After choosing to discontinue his court case to have an injunction filed against the three attorneys of the Commission of Inquiry, Speaker of the House of Assembly Julian Willock has now disclosed that he is not accepting any responsibility of the nearly $77,000 in legal fees.

This is according to information revealed in a recently published judgement which was handed down in the Eastern Supreme High Court by Justice Adrian Jack.

In mid-August, Speaker Willock filed an injunction to have the COI’s three attorneys Andrew King, Bilal Rawat and Rhea Harrikissoon discontinue from participating in the ongoing Commission of Inquiry, until a ruling was handed down in October, on whether they were legally practicing in the BVI.

But following an August 27 judgement by Justice Jack which stated that Speaker Willock would need the permission of the Attorney General to move forward with the case, he subsequently withdrew the injunction on September 1, after a request was made to the AG to no avail.

According to Justice Jack, the defendants which included the three attorneys and the Commissioner of Inquiry Sir Gary Hickinbottom, were already finalising and filing their skeleton arguments in opposition to the injunction application, when the notice of discontinuance was filed by Speaker Willock’s legal team.

The commercial court judge therefore directed all parties involved in the case to serve a schedule of costs to be paid. The COI’s team claimed a sum of $71,388.59., while the Attorney General issued a claim of $6,084. The judge also warned that these figures were subject to increase after the September 2 hearing.

My client should not have to pay these fees – matter was of public interest

The Speaker’s legal team Silk Legal, which was represented by attorney Daniel Davies, argued that the court should make no order for costs on two grounds.

The first, that the action brought by Willock was not an ordinary private law action, and was indeed an administrative action in his capacity as Speaker of the House of Assembly, which he argued was acting in the public interest.

The second, was that the BVI Government was paying Willock’s legal fees and would be responsible for liability for the legal costs of other parties.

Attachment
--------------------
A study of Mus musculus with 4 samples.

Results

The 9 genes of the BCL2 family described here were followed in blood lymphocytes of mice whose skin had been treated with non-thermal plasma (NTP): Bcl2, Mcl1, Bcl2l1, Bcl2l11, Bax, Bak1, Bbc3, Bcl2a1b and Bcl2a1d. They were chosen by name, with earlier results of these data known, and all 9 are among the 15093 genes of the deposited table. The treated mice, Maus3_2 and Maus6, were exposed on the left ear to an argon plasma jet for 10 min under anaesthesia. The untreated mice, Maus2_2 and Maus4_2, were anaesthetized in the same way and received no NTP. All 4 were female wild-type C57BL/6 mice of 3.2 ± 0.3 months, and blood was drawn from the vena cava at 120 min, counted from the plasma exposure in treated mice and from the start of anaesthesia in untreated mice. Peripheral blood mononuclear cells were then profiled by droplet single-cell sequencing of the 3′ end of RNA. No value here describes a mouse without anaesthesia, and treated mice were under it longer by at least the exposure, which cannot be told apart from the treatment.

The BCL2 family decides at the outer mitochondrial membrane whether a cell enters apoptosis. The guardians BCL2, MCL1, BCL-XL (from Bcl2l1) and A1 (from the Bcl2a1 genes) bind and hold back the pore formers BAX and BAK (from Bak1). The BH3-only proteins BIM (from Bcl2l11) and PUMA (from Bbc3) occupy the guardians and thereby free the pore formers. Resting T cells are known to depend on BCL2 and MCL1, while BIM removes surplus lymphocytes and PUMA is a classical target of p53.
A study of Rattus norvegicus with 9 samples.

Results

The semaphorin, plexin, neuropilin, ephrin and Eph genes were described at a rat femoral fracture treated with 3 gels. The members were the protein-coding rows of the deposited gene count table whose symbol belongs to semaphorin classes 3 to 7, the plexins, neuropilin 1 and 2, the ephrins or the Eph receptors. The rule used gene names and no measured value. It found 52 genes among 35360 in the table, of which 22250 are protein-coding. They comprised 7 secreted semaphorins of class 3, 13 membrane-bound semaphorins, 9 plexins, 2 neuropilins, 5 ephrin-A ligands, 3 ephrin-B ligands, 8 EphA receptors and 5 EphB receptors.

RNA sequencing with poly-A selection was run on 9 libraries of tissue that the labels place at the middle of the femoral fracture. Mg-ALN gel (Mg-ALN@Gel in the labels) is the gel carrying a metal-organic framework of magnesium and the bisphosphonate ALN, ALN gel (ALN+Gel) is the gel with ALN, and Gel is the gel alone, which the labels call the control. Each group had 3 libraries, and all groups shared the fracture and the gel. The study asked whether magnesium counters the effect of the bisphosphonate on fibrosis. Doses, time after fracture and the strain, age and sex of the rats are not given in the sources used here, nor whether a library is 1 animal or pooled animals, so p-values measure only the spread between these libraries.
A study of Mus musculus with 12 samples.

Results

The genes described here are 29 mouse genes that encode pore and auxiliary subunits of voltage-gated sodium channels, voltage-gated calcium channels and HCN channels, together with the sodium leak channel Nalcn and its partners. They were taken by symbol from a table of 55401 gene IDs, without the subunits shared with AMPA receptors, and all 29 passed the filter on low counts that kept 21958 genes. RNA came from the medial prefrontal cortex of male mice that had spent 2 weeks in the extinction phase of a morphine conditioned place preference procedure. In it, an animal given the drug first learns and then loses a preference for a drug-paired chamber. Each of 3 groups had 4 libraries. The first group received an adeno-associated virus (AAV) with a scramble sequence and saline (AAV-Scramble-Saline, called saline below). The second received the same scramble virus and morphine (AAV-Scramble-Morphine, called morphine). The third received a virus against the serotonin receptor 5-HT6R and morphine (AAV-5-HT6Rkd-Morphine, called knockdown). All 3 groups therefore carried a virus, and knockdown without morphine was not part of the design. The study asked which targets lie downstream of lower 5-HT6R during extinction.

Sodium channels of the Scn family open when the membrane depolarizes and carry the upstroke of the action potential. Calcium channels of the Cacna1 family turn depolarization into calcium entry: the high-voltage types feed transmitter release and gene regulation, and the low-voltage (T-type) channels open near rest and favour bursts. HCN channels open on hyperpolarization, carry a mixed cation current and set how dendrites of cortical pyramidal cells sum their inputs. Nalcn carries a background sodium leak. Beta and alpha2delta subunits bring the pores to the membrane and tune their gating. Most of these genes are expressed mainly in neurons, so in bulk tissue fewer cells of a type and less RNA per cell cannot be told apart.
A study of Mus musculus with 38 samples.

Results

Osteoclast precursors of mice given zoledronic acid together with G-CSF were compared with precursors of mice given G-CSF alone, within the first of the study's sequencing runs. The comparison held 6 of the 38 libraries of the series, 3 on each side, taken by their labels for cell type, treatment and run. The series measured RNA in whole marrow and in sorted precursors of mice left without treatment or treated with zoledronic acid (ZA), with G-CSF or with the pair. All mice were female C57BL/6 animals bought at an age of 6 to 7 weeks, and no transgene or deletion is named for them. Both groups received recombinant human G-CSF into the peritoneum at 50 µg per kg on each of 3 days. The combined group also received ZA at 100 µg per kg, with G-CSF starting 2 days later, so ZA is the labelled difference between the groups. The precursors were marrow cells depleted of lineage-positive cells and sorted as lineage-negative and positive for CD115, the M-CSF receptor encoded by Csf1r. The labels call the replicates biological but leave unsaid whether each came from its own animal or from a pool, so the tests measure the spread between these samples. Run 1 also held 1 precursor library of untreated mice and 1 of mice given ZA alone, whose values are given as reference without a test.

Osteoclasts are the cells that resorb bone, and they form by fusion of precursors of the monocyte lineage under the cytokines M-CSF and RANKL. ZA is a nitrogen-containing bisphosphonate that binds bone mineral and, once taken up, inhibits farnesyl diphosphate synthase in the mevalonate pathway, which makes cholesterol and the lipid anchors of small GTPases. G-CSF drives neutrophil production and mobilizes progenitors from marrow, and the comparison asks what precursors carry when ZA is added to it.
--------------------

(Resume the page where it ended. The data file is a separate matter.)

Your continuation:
Public interest argument failed after discontinuance of action

In response, Justice Jack argued that there were a number of difficulties with the submission from attorney Davies. Most notably, he said that even if he was to consider the grounds of public interest, that option was voided the moment Willock decided to serve a notice of discontinuance, therefore abandoning his pursuit of the public interest.

Justice Jack said if Willock had fought and lost the case, then he could have made the argument that he was acting in the public interest. Instead, the judge said Willock acted unreasonably in abandoning the action at the first indication that there might be procedural difficulties.

He said this caused very substantial costs to be incurred by the defendants to no public benefit whatsoever.

No agreement between Willock and government to pay bill

As it relates to attorney Davies’ second ground that the BVI government was responsible for the payment of the bill, Principal Crown Counsel Fiona Forbes-Vanterpool who appeared on behalf of the Attorney General, disputed that there was any such agreement between the Speaker and the government.

She said that any agreement up to $100,000 would require the authorisation of the accounting officer for the House of Assembly, who was the clerk to the House of Assembly. She added that any agreement over $100,000 required the authorisation of the Financial Secretary.

She said that the Attorney-General’s investigations revealed that no such authorisations had been given in this case.

It is not my responsibility

Justice Jack consequently instructed Speaker Willock to file an affidavit explaining the funding arrangements for the action.

Willock responded by stating, “I make this affidavit to state whether the funding of the action is private or governmental in relation to this matter. I hereby confirm that I instructed the lawyers at Silk Legal (BVI) Inc to pursue this administrative law action on the understanding that the Government of the Virgin Islands is covering the costs/fees of the matter. I have not paid for the lawyers of Silk Legal (BVI) Inc, it is not my responsibility.”

Following the many ambiguities, Justice Jack ordered Willock and members of his legal team Silk Legal, to submit additional information following specific guidelines via an affidavit by 4pm today September 14.

Following this submission, Justice Jack said once all the information has been reviewed, he will make his final ruling on the subject of costs.